INS awards first task orders under $1B program
- By L. Scott Tillett, L. Scott Tillett
- Apr 04, 1999
The Immigration and Naturalization Service last week awarded Electronic Data Systems Corp. and Computer Sciences Corp. the first task orders off a broad $1 billion computer systems contract that the agency will use for everything from enhancing border enforcement to compiling financial data.
The task orders were awarded through the Service Technology Alliance Resources (Stars) program, which INS launched last year to serve as its primary vehicle for IT services.
EDS received a task order to oversee operations, maintenance and some development of the agency's management systems used for financial and accounting tasks, managing electronic documents, personnel management and general office automation. The task order also calls on EDS to support the agency's Internet and intranet operations.
Under its task order, CSC will oversee systems for law enforcement functions that help INS agents track cases under investigation.
"These are systems that support the [INS] mission," said David Goldberg, deputy associate commissioner for information resources management at INS. "These systems are integral to the INS mission."
The task orders have a one-year base. When they expire, they may be recompeted among CSC, EDS and Lockheed Martin Corp., the three vendors that last year won Stars "performance" contracts, which cover systems development and maintenance. But Goldberg said the agency has set up Stars so that INS will not have to recompete the task orders if it is in the agency's "best interest" to continue with the current vendors.
Over the first year, the EDS task order is expected to be worth $7.1 million, and CSC's task order is expected to be worth $7.4 million. But observers estimate that the two task orders together could be worth about $75 million over the five-year life of the STARS contract.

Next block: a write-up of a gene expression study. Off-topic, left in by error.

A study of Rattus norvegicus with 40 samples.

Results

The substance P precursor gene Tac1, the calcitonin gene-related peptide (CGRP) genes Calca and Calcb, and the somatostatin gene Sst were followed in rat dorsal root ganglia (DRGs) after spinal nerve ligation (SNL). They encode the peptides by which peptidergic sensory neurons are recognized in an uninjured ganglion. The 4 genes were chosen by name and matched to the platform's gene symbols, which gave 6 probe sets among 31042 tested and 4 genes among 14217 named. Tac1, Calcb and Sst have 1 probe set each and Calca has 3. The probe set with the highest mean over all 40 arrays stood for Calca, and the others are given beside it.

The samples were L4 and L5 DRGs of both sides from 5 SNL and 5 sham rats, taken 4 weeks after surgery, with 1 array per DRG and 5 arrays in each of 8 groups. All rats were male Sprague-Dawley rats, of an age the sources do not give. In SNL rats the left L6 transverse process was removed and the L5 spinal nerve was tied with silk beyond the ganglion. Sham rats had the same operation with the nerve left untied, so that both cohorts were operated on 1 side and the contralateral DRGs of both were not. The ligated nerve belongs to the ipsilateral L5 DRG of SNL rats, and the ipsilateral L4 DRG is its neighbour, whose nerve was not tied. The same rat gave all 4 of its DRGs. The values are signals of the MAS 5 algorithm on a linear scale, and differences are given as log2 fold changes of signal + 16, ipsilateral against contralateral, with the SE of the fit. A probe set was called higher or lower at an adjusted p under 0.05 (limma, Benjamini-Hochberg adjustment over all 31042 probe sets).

The two task orders are the first of several task orders that will be issued over the next six to eight weeks, said Mike Hatcher, the EDS vice president overseeing the company's work on Stars.
Other task orders to be awarded will cover inspection systems, biometrics and other assorted IT infrastructure.
These first task orders also represent the beginning of an experiment in contracting. INS has designed the Stars contract so that its contractors' employees could earn cash awards for meeting deadlines and working well together. INS will set aside $500,000 every six months and distribute all, or some, of the money based on vendors' cooperation as a team.
"It's a very, very unique model, and I think there are a lot of folks watching this to see if it is successful," Hatcher said.
Work performed by EDS and CSC on the task orders will fall under the guidance and monitoring of Science Applications International Corp., to which INS awarded a $400 million contract in May. The contract, the first to be awarded under Stars, calls on SAIC to serve as planner, integrator and overseer of Stars work.